Your Book Social Media Profile Awaits
Several things happened this past week that astounded the literary world. Harper Lee is finally to publish her first novel. Yes, her first. To Kill a Mockingbird was actually her second novel. Her publisher encouraged her to write an earlier story from the protagonist’s view, that of a young Scout who observed her father, Atticus Finch, at work on a rape case. Thus was born the seminal work, To Kill a Mockingbird. Evidently, the book was discovered among Lee’s publisher’s papers and they decided to move forward and publish.
The next thing I witnessed is the only interview ever filmed of Flann O’Brien, or more popularly known by his pseudonym, Brian O’Nolan. We see an extremely soused author, slurring his words, and an empty bottle of whiskey nearby. He was so introverted that he had to get stinking to be able to withstand the pain of an interview. It was only a snippet and some are still out there desperately searching for the entire interview.
As I watched the news from my computer screen, seated alone in my office at home, I understood these two private people more than all the extroverted newscasters and literary reviewers and academics combined. I’m an introvert. I test toward the extreme side, but I have learned to withstand the exposure to the marketplace, however painful it may be. It isn’t that I don’t like people that I too shun public places as much as I possibly can. In fact, I do. Undoubtedly, more than most. There are many people I care so deeply about I hurt. I find myself moved to tears when I think of them or their problems they must endure.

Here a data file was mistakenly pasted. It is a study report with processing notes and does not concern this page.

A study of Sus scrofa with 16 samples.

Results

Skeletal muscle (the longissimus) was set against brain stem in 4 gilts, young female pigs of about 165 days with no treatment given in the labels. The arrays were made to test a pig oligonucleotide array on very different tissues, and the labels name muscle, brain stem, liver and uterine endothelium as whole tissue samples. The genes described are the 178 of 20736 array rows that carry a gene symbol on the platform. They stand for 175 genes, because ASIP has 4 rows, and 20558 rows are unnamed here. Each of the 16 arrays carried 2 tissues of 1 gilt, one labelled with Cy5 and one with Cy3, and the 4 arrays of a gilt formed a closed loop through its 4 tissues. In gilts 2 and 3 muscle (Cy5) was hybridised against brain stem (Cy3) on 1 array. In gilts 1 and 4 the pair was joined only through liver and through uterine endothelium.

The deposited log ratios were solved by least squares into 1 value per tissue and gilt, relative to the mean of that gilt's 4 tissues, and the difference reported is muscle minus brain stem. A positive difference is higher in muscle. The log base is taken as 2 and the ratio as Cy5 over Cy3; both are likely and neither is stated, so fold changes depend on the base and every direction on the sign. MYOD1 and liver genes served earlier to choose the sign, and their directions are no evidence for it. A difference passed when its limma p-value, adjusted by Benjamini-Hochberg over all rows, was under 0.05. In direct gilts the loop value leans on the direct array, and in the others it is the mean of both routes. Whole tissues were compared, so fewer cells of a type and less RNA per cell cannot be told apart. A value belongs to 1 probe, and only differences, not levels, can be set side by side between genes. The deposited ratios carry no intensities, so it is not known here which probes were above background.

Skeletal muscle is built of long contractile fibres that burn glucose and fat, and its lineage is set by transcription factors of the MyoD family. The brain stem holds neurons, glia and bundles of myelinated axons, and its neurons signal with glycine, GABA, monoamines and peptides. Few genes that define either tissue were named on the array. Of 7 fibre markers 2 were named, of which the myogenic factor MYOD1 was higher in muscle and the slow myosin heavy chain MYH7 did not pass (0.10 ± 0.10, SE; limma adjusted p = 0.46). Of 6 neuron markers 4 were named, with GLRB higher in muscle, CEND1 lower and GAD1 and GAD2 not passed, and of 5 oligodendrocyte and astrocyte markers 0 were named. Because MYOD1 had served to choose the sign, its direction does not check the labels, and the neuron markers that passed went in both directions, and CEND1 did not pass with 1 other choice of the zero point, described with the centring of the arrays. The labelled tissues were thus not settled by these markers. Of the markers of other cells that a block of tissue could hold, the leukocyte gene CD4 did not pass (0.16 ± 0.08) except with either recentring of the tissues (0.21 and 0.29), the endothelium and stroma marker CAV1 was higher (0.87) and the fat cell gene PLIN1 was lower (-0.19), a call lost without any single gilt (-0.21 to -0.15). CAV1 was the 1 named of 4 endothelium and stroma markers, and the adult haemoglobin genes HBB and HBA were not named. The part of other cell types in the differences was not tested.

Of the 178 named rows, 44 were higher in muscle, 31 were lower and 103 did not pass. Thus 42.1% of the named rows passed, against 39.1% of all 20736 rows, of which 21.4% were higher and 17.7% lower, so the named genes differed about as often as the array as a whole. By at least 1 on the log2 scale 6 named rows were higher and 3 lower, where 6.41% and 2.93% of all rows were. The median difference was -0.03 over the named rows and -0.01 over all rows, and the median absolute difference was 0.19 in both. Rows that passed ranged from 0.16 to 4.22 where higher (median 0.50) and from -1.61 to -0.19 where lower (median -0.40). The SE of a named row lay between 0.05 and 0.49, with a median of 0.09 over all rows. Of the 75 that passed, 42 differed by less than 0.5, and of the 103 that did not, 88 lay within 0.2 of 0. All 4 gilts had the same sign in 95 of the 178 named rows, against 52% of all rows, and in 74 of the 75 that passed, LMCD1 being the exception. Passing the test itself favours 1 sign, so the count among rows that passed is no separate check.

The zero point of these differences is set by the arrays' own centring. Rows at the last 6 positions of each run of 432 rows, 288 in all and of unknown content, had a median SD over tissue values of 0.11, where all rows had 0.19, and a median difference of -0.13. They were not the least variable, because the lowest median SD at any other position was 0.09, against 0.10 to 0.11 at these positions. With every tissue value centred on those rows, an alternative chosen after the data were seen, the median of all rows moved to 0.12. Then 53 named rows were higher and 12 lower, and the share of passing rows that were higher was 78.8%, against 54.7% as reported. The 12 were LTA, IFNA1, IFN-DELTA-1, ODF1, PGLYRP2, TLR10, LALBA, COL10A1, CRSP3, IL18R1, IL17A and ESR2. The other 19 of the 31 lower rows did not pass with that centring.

I didn’t mean to get so heavy on a Monday, but these two remarkable introverts, Harper Lee and Flann O’Brien, have surfaced this past week to remind me of who I am, of all those like us, the introverted authors. I like the idea that today we have author communities, that we have a Sisters In Crime and Mystery Writers of America, and the many other author communities that have sprung up over the past few years. We support each other. Encourage each other. And it shouldn’t just be with a communal organization that we pay to belong to where one author supports another. It should be every author supports the other. We may not all be introverts like I am or Flann O’Brien, but we can listen and find a way to be there for the other. Perhaps Mr. O’Brien would not have had to drink himself into oblivion just to give an interview, or Ernest Hemingway find release in suicide if we had paid more attention.
I realize I rag on the worst of us, the vanity press author wannabes, but I do care about those who are the diamonds in the rough, the voices lost in the sea of egomanical and yet terrible writers. They should be heard and need encouragement. Go out and buy a book today. Buy that story told by someone who truly has talent. Write a review that comes from your heart. And, if you can, connect with them, encourage them so they don’t lose heart like the Ernest Hemingways or Flann O’Briens.